The televised presidential debate that took place in Egypt is an event to build upon.
Nothing in the above statement is particularly groundbreaking, but it is necessary to recognize that the televised debate between the presidential candidates, former Arab League Secretary General Amr Musa and the Islamist Abdel Moneim Aboul Fotouh, represents an important milestone in the struggling path towards democracy in Egypt. In our political and public life it is not familiar to see the Egyptians and Arabs dueling in an exchange of harsh statements and stances, trying to persuade the general public, and seeking to gain supremacy for their argument in front of millions of viewers to convince them and win their votes, all live on air.
It is no longer possible for a candidate to relax and disregard whatever has or has not been said, under the pretext that the public will not be able to hold them accountable.
Yes, the debate was able to attract unprecedented interest from the Arab public, and not only in Egypt. The public were able to interact with the debate constantly, from the beginning and throughout the long hours it was aired.
By praising the debate here is not to say that it did not have its shortcomings, and all the criticism that has been lodged against it is justified. The debate was confined to Musa and Aboul Fotouh without the remaining candidates, even if these two were selected as they were the most popular in the polls. The channel that hosted the media event was a private one, not a public media outlet funded by taxpayers as is usually the case, which meant that opinion polls were not able to immediately determine how the candidates’ performance impacted upon voters’ choices, and many facts and figures were omitted from the debate.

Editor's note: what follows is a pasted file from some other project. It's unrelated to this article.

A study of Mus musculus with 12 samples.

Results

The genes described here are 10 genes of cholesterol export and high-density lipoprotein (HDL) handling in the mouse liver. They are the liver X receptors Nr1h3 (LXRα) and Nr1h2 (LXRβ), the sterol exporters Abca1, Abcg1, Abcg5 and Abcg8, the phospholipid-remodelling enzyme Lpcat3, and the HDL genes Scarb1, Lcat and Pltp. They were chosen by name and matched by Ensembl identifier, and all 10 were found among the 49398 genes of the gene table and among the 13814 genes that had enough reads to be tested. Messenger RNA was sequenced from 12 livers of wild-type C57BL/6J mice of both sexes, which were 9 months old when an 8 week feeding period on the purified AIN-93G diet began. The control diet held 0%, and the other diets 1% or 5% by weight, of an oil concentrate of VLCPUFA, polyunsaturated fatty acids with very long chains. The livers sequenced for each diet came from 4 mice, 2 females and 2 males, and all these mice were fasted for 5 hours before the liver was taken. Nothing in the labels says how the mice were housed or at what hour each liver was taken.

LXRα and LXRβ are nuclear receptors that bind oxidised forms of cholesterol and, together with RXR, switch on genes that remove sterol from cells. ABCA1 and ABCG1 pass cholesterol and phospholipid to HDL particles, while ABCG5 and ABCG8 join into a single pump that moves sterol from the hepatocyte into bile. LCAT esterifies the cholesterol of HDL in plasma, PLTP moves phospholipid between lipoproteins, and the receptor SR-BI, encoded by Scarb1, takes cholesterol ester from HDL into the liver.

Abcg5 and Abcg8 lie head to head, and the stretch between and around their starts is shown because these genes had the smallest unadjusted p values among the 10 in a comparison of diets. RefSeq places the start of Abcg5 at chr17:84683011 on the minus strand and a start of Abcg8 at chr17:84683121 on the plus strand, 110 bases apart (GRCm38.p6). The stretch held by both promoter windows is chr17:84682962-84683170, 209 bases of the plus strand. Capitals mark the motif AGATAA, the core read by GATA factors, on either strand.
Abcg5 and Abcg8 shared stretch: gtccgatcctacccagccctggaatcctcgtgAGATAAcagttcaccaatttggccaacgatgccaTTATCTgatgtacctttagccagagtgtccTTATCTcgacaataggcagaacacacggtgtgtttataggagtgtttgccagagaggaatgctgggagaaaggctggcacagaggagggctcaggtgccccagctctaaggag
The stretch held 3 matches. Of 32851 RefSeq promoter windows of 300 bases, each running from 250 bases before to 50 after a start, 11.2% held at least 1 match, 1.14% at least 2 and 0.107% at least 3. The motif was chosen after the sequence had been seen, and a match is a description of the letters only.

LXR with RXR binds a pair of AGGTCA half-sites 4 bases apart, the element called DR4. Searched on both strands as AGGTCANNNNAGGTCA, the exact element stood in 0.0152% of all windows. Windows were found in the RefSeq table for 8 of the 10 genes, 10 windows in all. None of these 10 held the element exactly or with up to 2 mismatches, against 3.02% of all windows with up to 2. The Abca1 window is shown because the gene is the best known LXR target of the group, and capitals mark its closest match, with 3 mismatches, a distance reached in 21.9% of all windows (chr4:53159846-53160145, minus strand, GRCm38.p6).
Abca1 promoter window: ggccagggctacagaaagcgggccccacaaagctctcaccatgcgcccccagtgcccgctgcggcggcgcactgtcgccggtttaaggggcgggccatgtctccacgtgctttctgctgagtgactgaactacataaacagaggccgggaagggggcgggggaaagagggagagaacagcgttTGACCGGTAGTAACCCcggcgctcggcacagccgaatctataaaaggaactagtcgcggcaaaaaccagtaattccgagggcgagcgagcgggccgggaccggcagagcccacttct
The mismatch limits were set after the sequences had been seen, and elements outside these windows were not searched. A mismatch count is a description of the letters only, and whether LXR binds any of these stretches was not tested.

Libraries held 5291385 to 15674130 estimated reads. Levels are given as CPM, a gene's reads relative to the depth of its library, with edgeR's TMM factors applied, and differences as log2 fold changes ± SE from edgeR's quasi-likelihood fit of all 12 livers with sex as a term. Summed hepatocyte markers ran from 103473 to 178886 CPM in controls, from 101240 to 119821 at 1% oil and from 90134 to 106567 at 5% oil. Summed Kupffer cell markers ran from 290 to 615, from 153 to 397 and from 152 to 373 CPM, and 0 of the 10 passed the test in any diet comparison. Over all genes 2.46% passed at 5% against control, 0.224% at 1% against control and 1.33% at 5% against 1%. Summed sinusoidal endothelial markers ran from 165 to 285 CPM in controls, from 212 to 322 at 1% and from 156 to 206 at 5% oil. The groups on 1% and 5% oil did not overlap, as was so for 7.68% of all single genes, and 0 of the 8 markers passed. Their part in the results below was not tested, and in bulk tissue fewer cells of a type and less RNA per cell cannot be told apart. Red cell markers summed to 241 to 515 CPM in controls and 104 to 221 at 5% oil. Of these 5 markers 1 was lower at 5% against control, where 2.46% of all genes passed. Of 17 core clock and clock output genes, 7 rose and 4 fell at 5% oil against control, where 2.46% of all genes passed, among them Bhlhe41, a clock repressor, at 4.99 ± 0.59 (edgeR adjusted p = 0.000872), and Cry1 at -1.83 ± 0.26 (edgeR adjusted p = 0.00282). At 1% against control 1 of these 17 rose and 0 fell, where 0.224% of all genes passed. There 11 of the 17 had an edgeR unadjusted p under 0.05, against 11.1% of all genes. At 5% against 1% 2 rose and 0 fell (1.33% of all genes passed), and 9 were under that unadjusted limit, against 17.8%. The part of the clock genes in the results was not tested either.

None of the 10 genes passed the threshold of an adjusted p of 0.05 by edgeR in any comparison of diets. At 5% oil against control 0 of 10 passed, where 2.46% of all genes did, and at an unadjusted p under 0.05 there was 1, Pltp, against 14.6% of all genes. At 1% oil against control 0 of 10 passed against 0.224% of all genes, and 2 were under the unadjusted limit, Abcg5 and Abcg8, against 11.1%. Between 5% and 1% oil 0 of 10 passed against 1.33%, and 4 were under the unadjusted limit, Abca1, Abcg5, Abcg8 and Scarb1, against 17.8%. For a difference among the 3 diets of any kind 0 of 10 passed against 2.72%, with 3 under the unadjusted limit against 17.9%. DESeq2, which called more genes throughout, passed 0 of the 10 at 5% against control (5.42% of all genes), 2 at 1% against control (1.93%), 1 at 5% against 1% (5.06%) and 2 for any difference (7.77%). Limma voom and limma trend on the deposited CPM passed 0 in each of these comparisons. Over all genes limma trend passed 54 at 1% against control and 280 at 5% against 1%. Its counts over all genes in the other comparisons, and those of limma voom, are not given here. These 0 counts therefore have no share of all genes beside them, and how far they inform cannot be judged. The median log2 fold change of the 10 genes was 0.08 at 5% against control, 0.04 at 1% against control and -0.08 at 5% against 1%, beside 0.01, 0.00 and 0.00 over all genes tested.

All of the above criticism is justified, and perhaps even more could be said in this regard.
However, it is enough to touch upon the impact of this debate by examining the comments posted on Twitter or Facebook, or through the many subsequent articles and discussions, to understand how Musa and Aboul Fotouh’s performances serve as an important measure of public opinion. We can gauge the extent to which the public have been influenced by the performance and ideas of the candidates, and most importantly the extent of the public’s desire to taste the democracy that the Egyptians paid, and are continuing to pay, a heavy price for.
The well-known Egyptian politician Ayman Nour wrote an article after the debate. He stated that his intention to run for the presidency in 2005, and his request for a debate with former President Hosni Mubarak, was what led to him being imprisoned. He recalled how one of the prison wardens had spoken to him saying: “this is the least you deserve for your insult to the president, and your request for a debate”.
If such a request could lead to imprisonment a few years ago, then presidential debates have become a reality today; part of the mechanism of political and media work. Yet there are always those who try to exploit the pitfalls that emerge in Syria, Egypt and elsewhere, to condemn the Arab revolutions and to try to convince us that Ben Ali’s Tunisia, Mubarak’s Egypt, Saleh’s Yemen and Gaddafi’s Libya were better than the state of these countries today, and that all that is happening in these countries now is nothing but steps leading towards failure and major disappointment.
The Egyptians and other Arab revolutionary societies are facing major challenges and tasks, but events such as presidential candidate debates inspire democracy, there is no doubt about it.